Supporters of the Stand for Salmon ballot initiative walked away with a somewhat bittersweet victory Wednesday following an Alaska Supreme Court ruling. The court ruled that portions of the initiative are unconstitutional, but most of the proposition will appear on the ballot in November.
Lt. Gov. Byron Mallott challenged the initiative, arguing it made resource decisions via the ballot, which the Alaska Constitution prohibits.
The Supreme Court agreed that the initiative would unconstitutionally encroach on Alaska Department of Fish and Game decisions, but found that excising two problematic sections solved that problem.
The Alaska Supreme Court directed Mallott to make the retractions and place the initiative on the ballot.
The initiative reached the ballot with over 40,000 Alaskan signatures, many collected on the Kenai Peninsula by Cook Inletkeeper. Bob Shavelson is Inletkeeper’s director of advocacy.
“The part they took out relates to what they called substantial damage and substantial damage means permanent destruction of salmon habitat,” Shavelson explained. “The Walker administration and these big mining corporations argued for the deletion of that and other provisions.”
Shavelson thinks it’s unfortunate that the provision was dropped, but notes that he’s happy the initiative is moving forward.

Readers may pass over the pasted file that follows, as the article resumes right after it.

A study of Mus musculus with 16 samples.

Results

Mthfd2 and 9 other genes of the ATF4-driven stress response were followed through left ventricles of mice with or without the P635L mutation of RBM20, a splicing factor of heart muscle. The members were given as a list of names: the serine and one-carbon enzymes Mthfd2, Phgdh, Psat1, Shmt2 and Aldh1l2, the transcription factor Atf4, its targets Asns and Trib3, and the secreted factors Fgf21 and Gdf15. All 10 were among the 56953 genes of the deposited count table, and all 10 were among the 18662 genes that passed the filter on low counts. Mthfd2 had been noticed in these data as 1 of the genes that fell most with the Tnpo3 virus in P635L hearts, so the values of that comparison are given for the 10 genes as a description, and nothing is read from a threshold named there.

“Alaskans will have the ability to vote on whether we want to protect our salmon habitat with a series of sensible standards or whether we want to repeat the mistakes we’ve seen in the Lower 48,” he added.
SalmonState is an environmental group based in Homer, Anchorage and Juneau. Lindsey Bloom is a fisheries analyst with SalmonState. Bloom agrees with Shavelson and explains the initiative still includes provisions that give Alaskans the opportunity to comment on projects affecting salmon habitat.
“There’s a lot of meat on the bones in terms of what’s in there and that is going to move us forward into having a modern law that fits with and sort of aligns with the modern development we’re seeing in Alaska right now,” she said.
Bloom adds that the court’s ruling may also help garner more support from voters who were wary of the original proposition.
The ruling comes just before Alaska Wild Salmon Day on Friday. Cook Inletkeeper plans to advocate for the ballot initiative with celebrations in both Soldotna and in Homer.